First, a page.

I pay for most of my game material not because I need it, but because of the effort, creativity, care, and craftsmanship these guys put in it. I'm aware of my buying habits but there is more material out there for me to read than I have time for.
I'm not ignorant about how making a living works, I know how and why many altruistic projects dont make money, but I still encourage and support these guys who try.
I realized early on, since I've been given the tools to make my own game I'm not buying games as much for their utility, but more to encourage others to dream and attempt to build up their source material. I think this altruism is not going to be sustainable, but while it kinda' works I'm going with this.
I still buy books for their utility, I see some books as skill-sets like Lisa J. Steele's GURPS Mysteries and pretty much many of the core-books like High Tech, Low-Tech, etc. Some books are a way of looking at the world. Particularly when there is some science that breaks down the world in a game-y way.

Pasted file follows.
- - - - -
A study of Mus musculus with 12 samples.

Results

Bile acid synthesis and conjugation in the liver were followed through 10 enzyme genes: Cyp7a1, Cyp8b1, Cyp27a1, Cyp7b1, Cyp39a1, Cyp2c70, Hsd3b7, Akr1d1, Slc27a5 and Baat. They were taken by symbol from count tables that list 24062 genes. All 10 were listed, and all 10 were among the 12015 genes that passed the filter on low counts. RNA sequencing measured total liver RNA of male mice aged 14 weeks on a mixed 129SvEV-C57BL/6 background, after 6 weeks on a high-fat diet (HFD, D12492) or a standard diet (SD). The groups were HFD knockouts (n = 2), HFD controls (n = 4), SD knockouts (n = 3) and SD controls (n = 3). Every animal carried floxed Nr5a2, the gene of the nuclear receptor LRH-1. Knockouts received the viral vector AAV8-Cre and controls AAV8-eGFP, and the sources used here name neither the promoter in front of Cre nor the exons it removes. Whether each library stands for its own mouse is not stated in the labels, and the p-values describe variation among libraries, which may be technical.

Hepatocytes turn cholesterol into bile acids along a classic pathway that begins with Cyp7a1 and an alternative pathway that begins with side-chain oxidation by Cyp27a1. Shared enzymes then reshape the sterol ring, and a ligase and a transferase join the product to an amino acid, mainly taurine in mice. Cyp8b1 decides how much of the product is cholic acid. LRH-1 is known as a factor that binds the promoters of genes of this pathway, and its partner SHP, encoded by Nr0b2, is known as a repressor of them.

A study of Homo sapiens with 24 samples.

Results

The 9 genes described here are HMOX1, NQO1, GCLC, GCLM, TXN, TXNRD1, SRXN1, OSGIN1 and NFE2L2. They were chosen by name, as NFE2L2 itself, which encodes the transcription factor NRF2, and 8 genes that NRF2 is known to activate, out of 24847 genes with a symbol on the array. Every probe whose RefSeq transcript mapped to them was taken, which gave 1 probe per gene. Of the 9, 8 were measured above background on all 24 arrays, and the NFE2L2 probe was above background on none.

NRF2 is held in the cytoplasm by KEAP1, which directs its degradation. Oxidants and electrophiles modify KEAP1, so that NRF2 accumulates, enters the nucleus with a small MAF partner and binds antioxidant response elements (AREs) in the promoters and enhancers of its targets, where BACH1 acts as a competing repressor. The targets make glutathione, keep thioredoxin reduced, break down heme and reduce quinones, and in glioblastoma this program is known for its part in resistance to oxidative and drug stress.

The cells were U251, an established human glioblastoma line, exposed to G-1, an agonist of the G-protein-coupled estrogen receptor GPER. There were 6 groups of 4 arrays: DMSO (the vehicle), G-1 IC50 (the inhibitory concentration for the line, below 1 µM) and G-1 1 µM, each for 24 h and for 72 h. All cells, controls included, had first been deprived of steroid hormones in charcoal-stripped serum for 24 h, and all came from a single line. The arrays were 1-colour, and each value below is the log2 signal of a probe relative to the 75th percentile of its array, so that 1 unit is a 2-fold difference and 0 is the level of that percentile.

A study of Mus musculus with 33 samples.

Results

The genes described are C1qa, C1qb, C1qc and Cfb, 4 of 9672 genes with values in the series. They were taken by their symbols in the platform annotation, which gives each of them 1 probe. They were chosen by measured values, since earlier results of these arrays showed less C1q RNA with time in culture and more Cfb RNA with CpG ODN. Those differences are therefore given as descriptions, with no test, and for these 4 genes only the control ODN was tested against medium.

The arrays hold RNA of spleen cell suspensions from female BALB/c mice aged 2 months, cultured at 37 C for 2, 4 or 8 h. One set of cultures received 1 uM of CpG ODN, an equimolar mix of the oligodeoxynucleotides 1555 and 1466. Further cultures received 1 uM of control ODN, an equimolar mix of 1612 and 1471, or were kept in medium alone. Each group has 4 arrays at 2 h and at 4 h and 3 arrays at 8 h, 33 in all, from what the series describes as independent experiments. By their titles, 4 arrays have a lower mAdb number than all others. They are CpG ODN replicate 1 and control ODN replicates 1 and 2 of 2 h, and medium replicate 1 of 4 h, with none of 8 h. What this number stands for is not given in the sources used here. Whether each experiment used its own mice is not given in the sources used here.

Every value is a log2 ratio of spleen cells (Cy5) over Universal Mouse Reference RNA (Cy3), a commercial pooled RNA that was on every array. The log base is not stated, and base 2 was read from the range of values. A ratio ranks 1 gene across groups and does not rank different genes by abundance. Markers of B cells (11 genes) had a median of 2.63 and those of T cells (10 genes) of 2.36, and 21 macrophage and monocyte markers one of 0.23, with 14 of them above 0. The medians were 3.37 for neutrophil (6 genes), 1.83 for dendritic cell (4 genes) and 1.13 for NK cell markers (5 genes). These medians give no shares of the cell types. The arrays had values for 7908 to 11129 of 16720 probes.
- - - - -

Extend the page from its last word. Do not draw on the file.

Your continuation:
One other kinda-utility that is pretty much half-utility and half a contribution is when I buy source books for players to borrow. Sometimes its way easier to have people read a source book than my poorly edited and written material. (I'm no professional). Also it brings people up to speed, but again I'd be careful because there data and memes can be a barrier to connect with other people.
There is no "right way" to spend your money or that you are required to follow a monetization method. I believe people have a right to spend money in any ethical way they deem fit, and not to be dictated by such dangerous monetization precedents (like the XBOX One debacle).